The exile

Monday 9 September 2002

On Saturday, business took me to the town of Melrose in the Scottish Borders. As well as being a very attractive place, Melrose is where you find the Greenyards, the home of Melrose Rugby Club and the birthplace of Rugby Sevens. Melrose are one of the top clubs in Scotland and are in the Scottish Premiership.

With a little time to spare in the afternoon, I walked over to the ground. Melrose were playing Glasgow Hawks. Although Borderers are passionate about their rugby, the whole atmosphere was delightful. I was able to wander in, watch the second half of the game among happily mixed home and away supporters, and move round the ground changing my viewing position as I liked.

It was all extremely enjoyable, and reminded me of an age of innocence in football that we seem to have lost. I can remember as a boy going to Craven Cottage and providing it wasn't a full house, we always tried to change ends at half-time so that we remained behind the goal Fulham were attacking. And in those days there was no segregation of rival fans (nor do I remember there ever being any trouble).

We cannot turn the clock back 50 years, and of course there was a downside - safety regulations were almost non-existent and the facilities were appalling (none at all for ladies). But I see no reason why we can't make an effort to recapture some of the spirit of those times, and which I found again in Melrose.

I found it again to some extent in Bologna. Maybe we were lucky in the people we met there, but it was also something to do with the ground being open on three sides. We are so hemmed in at modern stadia, corralled, controlled and directed into a small area we can't move out of. The riverside promenade has been great at Fulham in recent years, and I devoutly hope we shall get it back some day soon.

But European football, between clubs from different countries, does give us an opportunity to operate on a more friendly basis. This was very evident in Glasgow last May, when the atmosphere in the city before the Champions League Final was superb. Madrid and Leverkusen fans mixed happily together and the Glaswegians, always eager for a party, joined in with both sides.

Our own Euro-adventures have given us a taste for this, which will continue in our two matches with Hajduk Split. There are unlikely to be many visiting fans at either game, but I am sure those who are present will be treated as friends, not enemies. I plan to come down for the home leg and look forward to what should be a great occasion.

Before then of course there is vital league business to attend to. The coaching staff will be anxiously awaiting the return of our nomadic internationals as they fly in from Russia, Finland, Cyprus etc. Boa had an easy run back from Birmingham after looking good in the second half of Portugal's draw with England.

Up here in Scotland, there is deep gloom following the embarrassment of the result in the Faroe Islands, and already there are calls for Berti Vogts' head. If the manager does not improve the results soon his coat will, as we say, be hanging on a shoogly nail. He seemed at a loss to explain the team's performance. Simple enough, Berti - Scotland were awful. It must be sad for John Collins to see the country whose shirt he graced so often descending to such depths.

Our chairman has called for clubs to be financially compensated when players appear in international games. This could become much more of an issue with the transfer window having now closed. I've already decided I don't like this system. It takes a lot of the fun out of football.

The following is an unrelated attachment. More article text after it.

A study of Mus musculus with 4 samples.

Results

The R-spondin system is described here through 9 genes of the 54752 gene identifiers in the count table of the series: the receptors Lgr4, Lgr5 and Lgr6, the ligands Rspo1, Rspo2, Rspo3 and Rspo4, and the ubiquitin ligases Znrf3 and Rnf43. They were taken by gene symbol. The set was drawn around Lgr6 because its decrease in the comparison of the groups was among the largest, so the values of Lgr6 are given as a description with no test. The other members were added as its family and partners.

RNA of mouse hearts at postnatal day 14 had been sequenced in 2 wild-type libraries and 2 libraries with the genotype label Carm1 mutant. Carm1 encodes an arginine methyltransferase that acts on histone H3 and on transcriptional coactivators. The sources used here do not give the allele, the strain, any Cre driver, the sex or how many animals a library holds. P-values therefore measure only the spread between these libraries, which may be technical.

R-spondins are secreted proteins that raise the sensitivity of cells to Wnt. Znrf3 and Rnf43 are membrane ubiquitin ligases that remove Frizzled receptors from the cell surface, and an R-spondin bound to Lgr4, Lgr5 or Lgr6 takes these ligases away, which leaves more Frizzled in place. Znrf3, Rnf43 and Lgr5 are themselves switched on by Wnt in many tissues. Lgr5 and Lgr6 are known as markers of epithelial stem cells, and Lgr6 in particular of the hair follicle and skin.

No transfer speculation for 3 months - what are the journalists going to write about, or the fans going to argue about? More importantly, no chance of signing anyone as cover should there be a crop of injuries. It's illogical and should be abandoned.

There was an article in Sunday's Observer calling for promotion and relegation to be scrapped so that clubs could become more settled financially. I can't imagine a single fan (or a single Nationwide League club) supporting this. How can you deny the supporters their dreams? Imagine the frustration of finishing, as we did two seasons ago, 10 points clear at the top of Division One only to be told you can't go up to play with the big boys. This is a ludicrous idea and I'm surprised the paper gave it space.

Fans with dreams now include supporters of Portsmouth, and good luck to them. Harry Redknapp is a wily old bird and has craftily assembled a squad that looks good enough to win a fairly mediocre Div One. Premiership survival would however be another matter entirely. If I were a Pompey fan I'd enjoy this season to the full.

I shall be listening very anxiously on Wednesday evening for some good news from Loftus Road. It's time we turned Spurs over, but we will need to play a lot better than we did against West Brom. I'm still very worried about our strikers, and would gladly eat humble pie if they prove me wrong and start banging in the goals regularly.

Next Saturday I shall be at Sunderland, one of a number of grounds where we came away frustrated last season, having had much the better of the game but still only getting a point.
It's an important week, and I am hoping for a minimum of 4 points. But whatever the result, I shall try to see things in the right light, and if we do lose at the Stadium of Light, I hope I'll be big enough to say 'well done' to any Sunderland supporters I meet.

It is often said that football and politics don't mix, but what last week was the first move at entente between the bitterest of enemies, North and South Korea? A football match, which perhaps diplomatically ended in a draw. Given the state of the wider world at the moment, the more friendship we can have in football, the better.